Photographer Louis Teran
Born april 10th, 1981, 9:05 am
1991: The revolutionary “Nevermind” (Nirvana)
1995: “Fallen Angels” (Wong Kar Wai)
2001 – 2002: Living in London. It was all about music.
2002 – 2006: Back to Paris. Playing in bad rock bands, jobs, photo assistant.
2007: Photo assistant (2nd) of Jean-Baptiste Mondino http://www.jeanbaptistemondino.com
2008 – now: Independant photographer
So goes the internet bio of photographer Louis Teran... Nirvana for that dose of urban grunge edge spreading through his portraits, Fallen Angels for that moment at 15 when he realised he wanted to be a photographer. London, Paris, rocknroll, Mondino and now, independent photographer with his latest exhibition at Les Rencontres d'Arles exhibition in Arles France. We met up with Louis to find out more about his signature portraits and photographic endeavours...
CM: How did you get into photography?
I still don’t know, really. I think everything started from the day my father took me to the cinema to see Fallen Angels from the great Wong Kar Wai. I was 15. I was profoundly struck by the subjectivity of the camera, its angles, its movements. I then understood the power of narration through image. But I was not into photography at that time, but I went for it a little less than ten years later.
CM: What kind of aesthetic directs your work? Is there a common thread binding your various projects?
Expressionism and metaphysics are the core of my sensitivities regarding photography. I think they both kind of melted into one direction that became my own language. It sounds a bit pompous but it is what i feel.
I’ve been very much steeped in expressionism, whether it is in cinema or in painting. I love the brutal emotions and ideas that comes out of faces and settings.That is exactly what i am looking for when I make portraits of people.
CM: Tell us more about the subjects you seek out? What are you trying to reveal through your work?
I don’t seek out anything to be honest, I just come across them. I find my subjects on Facebook, on Instagram, in some dinners at friends’s etc. If somebody inspires more than for a portrait by going for a whole work and trying to tell a story or an idea with it.
CM: What kind of equipment do you use? Camera?
I’m using a Canon 5D Mark3 with a 24-70mm lens. It’s not a great lens but I love its range flexibility.
CM: Can you tell us more about your work in film?
I’m working with film only when my client wants me to make a film. I don’t consider myself as a director, at all. I haven’t developed any cinematographic vision or ambition, for now...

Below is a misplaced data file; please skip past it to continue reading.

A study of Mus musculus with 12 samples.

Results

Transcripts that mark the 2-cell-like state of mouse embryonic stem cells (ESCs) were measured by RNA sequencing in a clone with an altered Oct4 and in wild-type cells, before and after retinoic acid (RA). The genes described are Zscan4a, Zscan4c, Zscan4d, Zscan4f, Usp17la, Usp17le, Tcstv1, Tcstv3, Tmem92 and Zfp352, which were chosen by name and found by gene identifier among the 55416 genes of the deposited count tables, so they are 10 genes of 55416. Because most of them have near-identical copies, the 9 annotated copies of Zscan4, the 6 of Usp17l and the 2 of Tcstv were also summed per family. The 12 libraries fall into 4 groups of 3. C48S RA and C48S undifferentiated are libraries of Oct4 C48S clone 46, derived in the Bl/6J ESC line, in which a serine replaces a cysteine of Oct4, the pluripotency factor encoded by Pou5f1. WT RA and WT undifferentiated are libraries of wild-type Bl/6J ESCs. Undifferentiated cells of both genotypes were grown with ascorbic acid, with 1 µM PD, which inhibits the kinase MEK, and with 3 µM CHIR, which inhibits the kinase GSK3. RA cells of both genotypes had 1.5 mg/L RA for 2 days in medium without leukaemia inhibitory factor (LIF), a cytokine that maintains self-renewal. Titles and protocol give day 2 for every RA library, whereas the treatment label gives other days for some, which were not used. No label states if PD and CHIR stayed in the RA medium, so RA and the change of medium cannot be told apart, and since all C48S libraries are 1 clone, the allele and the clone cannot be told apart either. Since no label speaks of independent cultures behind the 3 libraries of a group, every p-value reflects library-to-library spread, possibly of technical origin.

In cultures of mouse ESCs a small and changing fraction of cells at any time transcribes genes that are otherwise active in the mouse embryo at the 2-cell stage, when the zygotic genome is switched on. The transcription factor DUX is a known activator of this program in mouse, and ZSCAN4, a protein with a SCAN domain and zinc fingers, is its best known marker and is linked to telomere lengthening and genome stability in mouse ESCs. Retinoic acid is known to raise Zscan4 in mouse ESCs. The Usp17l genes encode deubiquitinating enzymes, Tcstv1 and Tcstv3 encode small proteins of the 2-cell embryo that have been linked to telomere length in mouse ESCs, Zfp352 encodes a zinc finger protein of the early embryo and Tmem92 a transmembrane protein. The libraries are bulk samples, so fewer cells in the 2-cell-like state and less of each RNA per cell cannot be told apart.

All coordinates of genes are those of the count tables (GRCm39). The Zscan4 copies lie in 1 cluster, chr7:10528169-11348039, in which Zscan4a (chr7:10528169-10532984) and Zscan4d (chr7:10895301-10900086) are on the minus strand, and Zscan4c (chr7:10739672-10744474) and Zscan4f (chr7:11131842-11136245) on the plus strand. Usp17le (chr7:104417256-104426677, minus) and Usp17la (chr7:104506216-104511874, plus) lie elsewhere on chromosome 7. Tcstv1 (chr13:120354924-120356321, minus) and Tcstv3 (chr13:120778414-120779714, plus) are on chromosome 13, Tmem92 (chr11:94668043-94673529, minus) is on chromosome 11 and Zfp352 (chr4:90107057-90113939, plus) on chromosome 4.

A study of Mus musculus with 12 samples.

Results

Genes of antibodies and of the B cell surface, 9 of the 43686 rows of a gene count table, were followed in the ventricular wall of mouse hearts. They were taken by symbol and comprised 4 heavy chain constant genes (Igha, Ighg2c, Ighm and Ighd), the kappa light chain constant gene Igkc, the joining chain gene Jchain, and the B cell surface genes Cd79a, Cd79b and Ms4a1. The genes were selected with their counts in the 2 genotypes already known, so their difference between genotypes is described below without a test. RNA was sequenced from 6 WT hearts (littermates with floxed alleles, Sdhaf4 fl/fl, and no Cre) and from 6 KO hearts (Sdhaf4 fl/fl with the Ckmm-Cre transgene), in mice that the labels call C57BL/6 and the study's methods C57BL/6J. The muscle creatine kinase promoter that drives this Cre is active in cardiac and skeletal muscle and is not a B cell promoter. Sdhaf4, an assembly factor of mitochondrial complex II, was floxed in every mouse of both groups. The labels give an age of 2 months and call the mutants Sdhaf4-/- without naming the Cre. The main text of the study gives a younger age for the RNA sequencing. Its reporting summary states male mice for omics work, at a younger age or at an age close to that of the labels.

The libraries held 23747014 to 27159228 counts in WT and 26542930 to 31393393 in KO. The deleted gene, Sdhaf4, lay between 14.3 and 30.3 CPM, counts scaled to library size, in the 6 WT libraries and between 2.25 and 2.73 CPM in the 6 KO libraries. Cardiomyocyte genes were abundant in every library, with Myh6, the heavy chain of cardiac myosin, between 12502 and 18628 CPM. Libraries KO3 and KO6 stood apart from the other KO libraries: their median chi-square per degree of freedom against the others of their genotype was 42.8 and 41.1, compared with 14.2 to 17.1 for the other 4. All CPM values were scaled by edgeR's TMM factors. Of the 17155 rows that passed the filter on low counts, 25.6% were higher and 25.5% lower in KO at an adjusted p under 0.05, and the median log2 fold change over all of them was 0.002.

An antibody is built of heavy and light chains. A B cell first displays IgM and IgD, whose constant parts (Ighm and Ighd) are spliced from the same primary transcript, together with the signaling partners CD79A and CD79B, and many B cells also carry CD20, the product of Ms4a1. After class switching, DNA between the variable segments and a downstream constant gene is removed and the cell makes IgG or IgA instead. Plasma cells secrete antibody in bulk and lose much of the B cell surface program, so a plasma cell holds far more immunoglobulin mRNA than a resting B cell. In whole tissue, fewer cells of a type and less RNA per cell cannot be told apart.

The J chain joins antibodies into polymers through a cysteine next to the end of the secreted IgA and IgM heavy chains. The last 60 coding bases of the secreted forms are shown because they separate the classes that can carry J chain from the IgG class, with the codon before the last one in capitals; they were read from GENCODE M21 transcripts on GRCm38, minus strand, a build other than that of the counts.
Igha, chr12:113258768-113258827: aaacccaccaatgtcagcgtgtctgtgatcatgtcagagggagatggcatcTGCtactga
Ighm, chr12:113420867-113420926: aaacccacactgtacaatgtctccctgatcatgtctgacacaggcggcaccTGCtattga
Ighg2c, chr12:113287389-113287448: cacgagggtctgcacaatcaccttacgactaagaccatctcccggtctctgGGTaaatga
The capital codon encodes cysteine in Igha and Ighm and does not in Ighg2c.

CM: Your favourite photograph of all time?
I cannot answer to that question, but I can tell you I have a great admiration for the works of Edward Steichen and Saul Leiter. They went very deep into photography. Two fantastic
CM: How did you break into the world of advertising with your photographs?
Thanks to some people who believed in my work. It works like this. It always does. And it will go on this way.
CM: How does photographing design and interiors differ from your other subject matters?
It doesn’t. When you make a portrait of someone or a photo of an interior, you’re looking for the same thing: absolute harmony between elements and their environment. Only the dynamic of the shooting is different, obviously. Design/interior shootings are more relax (although not less tiring than portraits) because you shoot objects. Objects don’t move, they don’t tire, they have no mood, you can stay hours in front of them thinking how you’re gonna shoot them. With a human being, it is another story. You have to be very careful, reassuring, and to compose with constant variability.
CM: Can you tell us more about your latest exhibition? Arles?
Havas agency organized an exhibition in Arles with selected works from a photographic theme they proposed to photographers. It was about making a photo directly inspired by a novel part from a great author. Two pictures I made were selected for that exhibition. One picture was inspired by Charles Bukowski’s Wine Stained Notebook, and the other one by Thomas pinchon’s Against the Day.
CM: Motto you live by?
Epicureanism. But the real one, not the clichéd version.